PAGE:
America in the 1900s by Marlene Targ Brill, Hardcover | Barnes & Noble
America in the 1900s

America in the 1900s

by Marlene Targ Brill
     
 

What were Americans doing in the 1900s? Listening to phonographs, reading dime novels, watching vaudeville shows, and much more.

From workers' rights to civil liberties, Americans protested injustice in the 1900s. They went on strike for higher pay and shorter working hours and founded the National Association for the Advancement of Colored People to combat

Overview

What were Americans doing in the 1900s? Listening to phonographs, reading dime novels, watching vaudeville shows, and much more.

From workers' rights to civil liberties, Americans protested injustice in the 1900s. They went on strike for higher pay and shorter working hours and founded the National Association for the Advancement of Colored People to combat racial violence.

The decade's most influential people included President Theodore Roosevelt, activist and educator W. E. B. DuBois, women's suffrage leader Mary Chapman Catt, popular composer George M. Cohan, and aviation pioneers Wilbur and Orville Wright. They helped pave the way for a decade of political reforms and technological advances. From picket lines to child labor, from ragtime music to the dawn of motion pictures, read about this fascinating decade from start to finish.

Editorial Reviews

Children's Literature - Heather N. Kolich
In magazine-style chapters, Brill provides a general overview and a few close examinations of topics such as politics; environmental concerns; the rapid advance of science, technology and communications; economics; how immigrants, minorities and women changed or challenged the norms; and the struggle of America to divorce herself from European customs in art, fashion, music, sports and entertainment. Any of the chapters in this beefy book could be expanded into a book on that topic alone. Throughout all the topics examined, Brill strives to emphasize the roles that women and African Americans played in defining that particular decade. Many of the activities and passions of the time are resurgent in the current decade, a century later, proving that those who do not learn from history are destined to repeat it. There are many interesting characters profiled in the pages, as well as some underreported stories that pique a desire to seek more information. Numerous sources for further learning are sandwiched between a timeline of greater events of the decade and an activity page in the extensive end material. This title of "The Decades of Twentieth-Century America" explores the trends, attitudes and accomplishments of America at the dawn of the twentieth Century. Reviewer: Heather N. Kolich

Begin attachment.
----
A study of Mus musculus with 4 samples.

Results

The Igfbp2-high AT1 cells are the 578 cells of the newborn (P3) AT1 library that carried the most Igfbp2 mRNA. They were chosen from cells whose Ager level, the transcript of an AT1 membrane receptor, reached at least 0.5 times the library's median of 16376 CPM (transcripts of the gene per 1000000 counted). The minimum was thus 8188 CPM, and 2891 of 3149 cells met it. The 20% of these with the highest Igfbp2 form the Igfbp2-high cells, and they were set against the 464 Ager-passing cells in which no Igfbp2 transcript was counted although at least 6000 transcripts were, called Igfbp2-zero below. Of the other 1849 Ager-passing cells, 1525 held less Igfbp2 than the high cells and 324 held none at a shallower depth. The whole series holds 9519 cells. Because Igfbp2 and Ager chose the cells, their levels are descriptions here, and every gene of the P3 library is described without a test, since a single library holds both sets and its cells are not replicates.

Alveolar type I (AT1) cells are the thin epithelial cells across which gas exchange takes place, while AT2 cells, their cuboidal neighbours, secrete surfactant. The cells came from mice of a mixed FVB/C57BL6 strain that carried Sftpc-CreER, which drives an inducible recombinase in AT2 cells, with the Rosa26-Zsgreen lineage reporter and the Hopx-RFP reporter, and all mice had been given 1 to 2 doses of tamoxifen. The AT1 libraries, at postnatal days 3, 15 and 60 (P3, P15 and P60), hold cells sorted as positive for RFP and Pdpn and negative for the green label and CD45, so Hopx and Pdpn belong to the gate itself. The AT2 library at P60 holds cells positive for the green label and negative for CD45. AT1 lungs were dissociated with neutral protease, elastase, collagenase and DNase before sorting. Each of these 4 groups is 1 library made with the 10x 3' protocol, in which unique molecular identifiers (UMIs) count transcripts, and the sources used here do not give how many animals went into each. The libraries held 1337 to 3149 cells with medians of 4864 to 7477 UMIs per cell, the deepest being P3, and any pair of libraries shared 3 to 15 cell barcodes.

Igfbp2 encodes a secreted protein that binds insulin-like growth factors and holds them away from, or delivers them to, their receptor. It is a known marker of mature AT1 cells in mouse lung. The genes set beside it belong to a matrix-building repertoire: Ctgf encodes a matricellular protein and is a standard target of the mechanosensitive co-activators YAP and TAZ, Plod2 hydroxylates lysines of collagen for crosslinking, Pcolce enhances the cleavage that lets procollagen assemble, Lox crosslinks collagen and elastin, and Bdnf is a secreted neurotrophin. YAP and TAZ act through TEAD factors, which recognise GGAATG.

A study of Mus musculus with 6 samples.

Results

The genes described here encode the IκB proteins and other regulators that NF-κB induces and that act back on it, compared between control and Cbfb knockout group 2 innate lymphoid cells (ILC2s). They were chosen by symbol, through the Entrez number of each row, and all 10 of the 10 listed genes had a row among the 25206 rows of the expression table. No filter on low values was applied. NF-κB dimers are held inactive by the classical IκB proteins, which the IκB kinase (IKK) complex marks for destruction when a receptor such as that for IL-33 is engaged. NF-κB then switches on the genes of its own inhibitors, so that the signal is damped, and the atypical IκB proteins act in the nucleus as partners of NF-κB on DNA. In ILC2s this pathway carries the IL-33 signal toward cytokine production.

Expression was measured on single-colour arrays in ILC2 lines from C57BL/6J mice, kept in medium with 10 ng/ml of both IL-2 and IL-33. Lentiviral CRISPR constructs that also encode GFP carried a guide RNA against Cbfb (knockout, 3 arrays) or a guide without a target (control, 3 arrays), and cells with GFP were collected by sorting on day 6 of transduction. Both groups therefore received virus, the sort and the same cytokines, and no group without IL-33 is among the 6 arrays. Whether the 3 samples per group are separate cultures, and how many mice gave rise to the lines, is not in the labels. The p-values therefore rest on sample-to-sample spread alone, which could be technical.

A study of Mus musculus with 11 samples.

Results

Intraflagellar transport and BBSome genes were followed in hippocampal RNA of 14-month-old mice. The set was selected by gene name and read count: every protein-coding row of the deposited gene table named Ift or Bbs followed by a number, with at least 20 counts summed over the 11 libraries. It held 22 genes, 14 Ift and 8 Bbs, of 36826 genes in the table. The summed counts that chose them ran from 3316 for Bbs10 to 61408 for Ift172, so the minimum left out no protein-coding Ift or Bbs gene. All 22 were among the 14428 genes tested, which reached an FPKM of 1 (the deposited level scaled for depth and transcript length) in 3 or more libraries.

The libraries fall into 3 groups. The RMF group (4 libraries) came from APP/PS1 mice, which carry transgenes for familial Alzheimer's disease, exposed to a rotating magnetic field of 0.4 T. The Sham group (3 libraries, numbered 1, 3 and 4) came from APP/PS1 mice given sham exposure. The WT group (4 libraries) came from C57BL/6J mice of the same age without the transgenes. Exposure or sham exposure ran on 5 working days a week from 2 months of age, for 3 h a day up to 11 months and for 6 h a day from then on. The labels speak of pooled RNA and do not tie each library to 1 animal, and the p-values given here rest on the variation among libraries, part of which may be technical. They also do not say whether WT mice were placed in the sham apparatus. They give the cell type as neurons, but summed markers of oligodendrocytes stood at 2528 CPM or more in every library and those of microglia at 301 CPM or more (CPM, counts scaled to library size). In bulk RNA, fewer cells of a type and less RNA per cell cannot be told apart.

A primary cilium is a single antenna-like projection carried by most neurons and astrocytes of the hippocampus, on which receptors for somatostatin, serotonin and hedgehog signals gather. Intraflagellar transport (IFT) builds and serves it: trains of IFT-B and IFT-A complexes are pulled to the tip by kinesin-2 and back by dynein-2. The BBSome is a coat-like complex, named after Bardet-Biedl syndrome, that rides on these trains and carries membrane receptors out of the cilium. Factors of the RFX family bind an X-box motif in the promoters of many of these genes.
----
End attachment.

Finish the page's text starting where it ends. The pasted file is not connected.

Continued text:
VOYA - Kathleen Beck
What do Theodore Roosevelt, Booker T. Washington, Frank Lloyd Wright, and "Jim Crow" have in common? All were emergent forces in the explosive change that shaped the first decade of the twentieth century. Immigration fed cheap labor, which in turn gave birth to the union movement. The first affordable automobiles inspired the growth of suburbs. Telephones and home labor-saving devices became common. All this and more is described in the first volume of this attractive new series. Likewise the 1970s witnessed the advent of home computers, the end of the Viet Nam War, the rise of the environmental movement, and Woodstock. The feminist movement solidified gains, including the widespread effects of Title IX. Richard Nixon became the first president to resign his office. Social change outpaced even technological innovation. Each decade receives a similar treatment, outlining politics, science and technology, economy, and society. More attention is given than in most young adult nonfiction series to topics such as media, music, and sports. The text is clear but not condescending, with unfamiliar terms defined in parentheses. Frequent, mostly black-and-white photographs punctuate pages with clear print and lots of white space. Time lines recap major events, while "To Learn More" suggests not only books but also Web sites and films. Indexes and "Source Notes" (footnotes) are superficial and sometimes confusing. Nonetheless even libraries owning Enslow's Decades of the American Century and Facts On File's Decades of American History will find this new offering a worthwhile addition for browsers and report writers. Reviewer: Kathleen Beck
School Library Journal
Gr 7-10–This well-written, appealing series provides glimpses into life in the United States during the 20th century. Chapters discuss the politics, science and technology, economy, social issues, literature and entertainment, sports, and music of the time and analyze how those factors affected this country's history. The texts are enlivened with quotes and excerpts from primary sources, period photos, and two sets of sidebars. “Profiles” provides biographical sketches of important people and “Turning Points” explains the significance of important events. Both the main texts and the sidebars offer extensive coverage of women and minority groups. A solid choice for readers and researchers.

Product Details

ISBN-13:
9780822534365
Publisher:
Lerner Publishing Group
Publication date:
09/28/2008
Series:
The Decades of Twentieth-Century America Series
Pages:
144
Product dimensions:
8.10(w) x 10.00(h) x 0.70(d)
Age Range:
13 - 17 Years

Meet the Author

Marlene Targ Brill has written many books for young adults, including Tourette Syndrome, Marshall "Major" Taylor: World Champion Bicyclist, 1899-1901, and several books in The Decades of Twentieth-Century America series.